Hi folks, I am running an offline Rails app that periodically connects to the Internet to download the latest catalogue, and upload any new orders. I am about to implement the synching bit - and was thinking whether there is any other solution other than writing webservices and code to do a manual sync of the data, or whether there is a more nifty and robust way using say replication? Anybody done anything like this before? Joerg
on 2006-01-12 16:59
on 2006-01-12 17:36
Well, if the structure permist why not just use ActiveRecord to handle all of that? Just change the model's database connetion. Assuming the models are the same between offline and online clients this shouldn't that difficult. Check out the ActiveRecord rdocs for an example of having a model use a different database. The wiki has a few entries concerning the topic too. You of course would have to setup the syncing routine and all that good stuff, but you would have to do that anyways :) -Nick
on 2006-01-12 18:18
Not sure that this'll work, as the client is on a separate computer in a different country ... it won't be possible for me to setup an SSH connection for them to allow their app to speak directly to the remote db ... the app is distributed on CD to various people who want it ...
on 2006-01-12 19:11
Hello, You could do that with a webservice, also written in Rails. You do not need to expose a mysql-server this way. The CD-Application connects to the webservice which intelligently transmits only the missing data to the client. The action simply selects the data-rows where updated_at > syncronized_at. regards, Helmut Am 12.01.2006 um 18:18 schrieb Joerg Diekmann:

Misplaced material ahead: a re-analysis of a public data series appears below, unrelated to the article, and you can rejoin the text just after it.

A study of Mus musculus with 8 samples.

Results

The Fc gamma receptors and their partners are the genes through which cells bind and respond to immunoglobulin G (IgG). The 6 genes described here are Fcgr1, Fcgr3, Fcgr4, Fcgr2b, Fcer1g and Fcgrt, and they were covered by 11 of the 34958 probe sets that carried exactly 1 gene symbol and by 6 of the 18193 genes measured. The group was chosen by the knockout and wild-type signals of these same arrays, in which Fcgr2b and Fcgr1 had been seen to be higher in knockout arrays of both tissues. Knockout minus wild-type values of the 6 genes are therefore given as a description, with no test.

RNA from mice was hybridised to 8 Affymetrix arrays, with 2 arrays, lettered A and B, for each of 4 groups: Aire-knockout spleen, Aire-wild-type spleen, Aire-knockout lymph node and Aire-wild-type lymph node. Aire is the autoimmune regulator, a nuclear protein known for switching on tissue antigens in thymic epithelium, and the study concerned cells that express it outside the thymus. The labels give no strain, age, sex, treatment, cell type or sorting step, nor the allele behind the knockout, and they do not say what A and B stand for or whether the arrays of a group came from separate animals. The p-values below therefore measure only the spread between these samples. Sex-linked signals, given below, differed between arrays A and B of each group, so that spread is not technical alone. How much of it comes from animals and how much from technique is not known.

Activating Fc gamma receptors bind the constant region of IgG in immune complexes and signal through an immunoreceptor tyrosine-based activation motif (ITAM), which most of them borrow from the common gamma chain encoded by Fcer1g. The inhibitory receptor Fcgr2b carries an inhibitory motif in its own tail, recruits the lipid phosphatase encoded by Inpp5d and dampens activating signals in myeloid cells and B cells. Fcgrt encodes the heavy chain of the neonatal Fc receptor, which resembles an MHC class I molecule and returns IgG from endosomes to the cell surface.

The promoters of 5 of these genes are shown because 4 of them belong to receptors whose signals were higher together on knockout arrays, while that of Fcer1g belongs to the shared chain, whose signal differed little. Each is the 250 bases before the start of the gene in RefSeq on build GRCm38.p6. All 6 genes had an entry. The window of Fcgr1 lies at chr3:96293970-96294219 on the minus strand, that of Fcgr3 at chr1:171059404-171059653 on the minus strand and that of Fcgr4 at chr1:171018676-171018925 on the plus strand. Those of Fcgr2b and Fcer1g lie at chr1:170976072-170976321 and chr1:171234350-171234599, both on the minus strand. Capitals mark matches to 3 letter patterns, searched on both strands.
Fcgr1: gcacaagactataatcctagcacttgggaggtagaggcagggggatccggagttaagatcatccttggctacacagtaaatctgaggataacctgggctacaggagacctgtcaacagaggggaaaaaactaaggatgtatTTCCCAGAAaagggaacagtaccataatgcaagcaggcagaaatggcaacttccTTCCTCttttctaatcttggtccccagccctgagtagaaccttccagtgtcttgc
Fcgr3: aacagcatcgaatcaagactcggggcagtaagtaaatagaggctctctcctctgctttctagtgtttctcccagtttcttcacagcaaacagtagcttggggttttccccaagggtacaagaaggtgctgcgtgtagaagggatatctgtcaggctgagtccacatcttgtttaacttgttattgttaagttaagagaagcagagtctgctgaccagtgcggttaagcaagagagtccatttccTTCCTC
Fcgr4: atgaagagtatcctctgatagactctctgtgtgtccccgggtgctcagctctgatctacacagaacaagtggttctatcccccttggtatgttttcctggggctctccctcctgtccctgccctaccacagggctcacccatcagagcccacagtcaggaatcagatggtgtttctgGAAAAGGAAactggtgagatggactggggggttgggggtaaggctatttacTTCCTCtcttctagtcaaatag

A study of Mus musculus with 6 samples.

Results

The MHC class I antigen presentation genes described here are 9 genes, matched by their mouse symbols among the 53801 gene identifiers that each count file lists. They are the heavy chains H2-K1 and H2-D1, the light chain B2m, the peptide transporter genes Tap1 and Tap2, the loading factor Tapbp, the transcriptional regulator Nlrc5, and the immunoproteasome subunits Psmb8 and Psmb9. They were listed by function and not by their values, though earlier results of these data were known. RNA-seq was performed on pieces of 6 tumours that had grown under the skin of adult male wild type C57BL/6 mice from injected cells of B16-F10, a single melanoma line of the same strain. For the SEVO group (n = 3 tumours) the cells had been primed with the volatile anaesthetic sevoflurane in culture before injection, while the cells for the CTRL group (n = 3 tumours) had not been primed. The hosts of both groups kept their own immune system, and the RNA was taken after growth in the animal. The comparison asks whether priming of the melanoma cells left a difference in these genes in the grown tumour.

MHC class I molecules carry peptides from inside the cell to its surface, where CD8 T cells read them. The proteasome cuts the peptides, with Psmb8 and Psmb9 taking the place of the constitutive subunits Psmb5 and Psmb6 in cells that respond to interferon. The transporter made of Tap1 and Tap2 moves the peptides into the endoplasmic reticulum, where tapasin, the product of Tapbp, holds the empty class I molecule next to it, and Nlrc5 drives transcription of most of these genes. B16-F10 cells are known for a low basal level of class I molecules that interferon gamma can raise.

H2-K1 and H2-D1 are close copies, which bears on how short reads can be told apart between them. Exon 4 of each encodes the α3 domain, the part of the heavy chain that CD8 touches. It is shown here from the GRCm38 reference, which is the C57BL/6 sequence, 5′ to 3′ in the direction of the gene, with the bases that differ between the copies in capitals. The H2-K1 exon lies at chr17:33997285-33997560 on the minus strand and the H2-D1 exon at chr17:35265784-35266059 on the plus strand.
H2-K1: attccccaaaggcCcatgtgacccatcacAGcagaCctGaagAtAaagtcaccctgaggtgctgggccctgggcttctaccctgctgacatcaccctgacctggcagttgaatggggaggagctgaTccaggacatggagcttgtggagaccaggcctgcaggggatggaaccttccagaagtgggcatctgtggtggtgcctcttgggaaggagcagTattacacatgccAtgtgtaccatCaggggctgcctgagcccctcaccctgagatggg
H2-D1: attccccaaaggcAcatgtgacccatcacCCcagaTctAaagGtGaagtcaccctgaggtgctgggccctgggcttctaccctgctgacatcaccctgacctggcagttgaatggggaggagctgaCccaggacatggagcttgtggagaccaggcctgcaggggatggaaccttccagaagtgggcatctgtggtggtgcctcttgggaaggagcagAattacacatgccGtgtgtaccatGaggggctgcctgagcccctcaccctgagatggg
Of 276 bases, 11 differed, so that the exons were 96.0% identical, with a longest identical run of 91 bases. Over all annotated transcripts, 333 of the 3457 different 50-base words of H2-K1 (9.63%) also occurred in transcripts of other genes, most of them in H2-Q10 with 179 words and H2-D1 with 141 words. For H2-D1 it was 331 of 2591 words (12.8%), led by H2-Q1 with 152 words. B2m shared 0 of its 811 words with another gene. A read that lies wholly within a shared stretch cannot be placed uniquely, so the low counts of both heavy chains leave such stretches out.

on 2006-01-12 19:32
Yeah - that's what I started doing - was just checking if there was an easier solution ... especially synching up all the primary keys from all the different CD's creating their own orders etc .... :-( Yikes.
on 2006-01-12 20:26
On Jan 12, 2006, at 8:35 AM, Nick Stuart wrote: > good stuff, but you would have to do that anyways :) > > -Nick Be very careful if you decide to go this route. you cannot currently obfuscate ruby code so your main server's database password will be available to anyone you give the application to. Cheers- -Ezra Zygmuntowicz Yakima Herald-Republic WebMaster http://yakimaherald.com 509-577-7732 firstname.lastname@example.org
on 2006-01-14 11:22
Since Rails uses integer IDs instead of GUIDs, how are you going to keep the IDs from colliding? (I'm assuming there's more than 1 user.) Here are a couple of links that explain synchronization/replication, but they are meant to be used by sysadmins: sqlylog http://www.webyog.com/ Using MySQL's Built-In Replication To Maximize Availability http://www.phpbuilder.com/columns/tanoviceanu20000...
on 2006-01-14 12:47
GUIDs would have to be the way to go. The only drawback I see of using GUIDs is that the URL's become very ugly. To use GUIDs you'd have to make your id column a 32 character string, and instead of allowing ActiveRecord to use the DB to generate the autoincrement id's, you set the id GUID value yourself in your model before saving. I haven't yet implemented it - just deducing that these could be the steps to make Rails use GUIDs instead of int. You could use http://rubyforge.org/projects/uuidtools/ to generate your GUIDs. Any thoughts?
on 2006-01-14 14:38
Yes, nasty ugly URLs. I'm afraid I don't have any experience with GUIDs since IDs have been sufficient for my needs. I was just interested in whether you had some new, super-cool way of merging. You might also check out, http://dema.ruby.com.br/articles/2005/09/14/guid-u... and Typo also uses GUIDs in a few places. Lots of luck.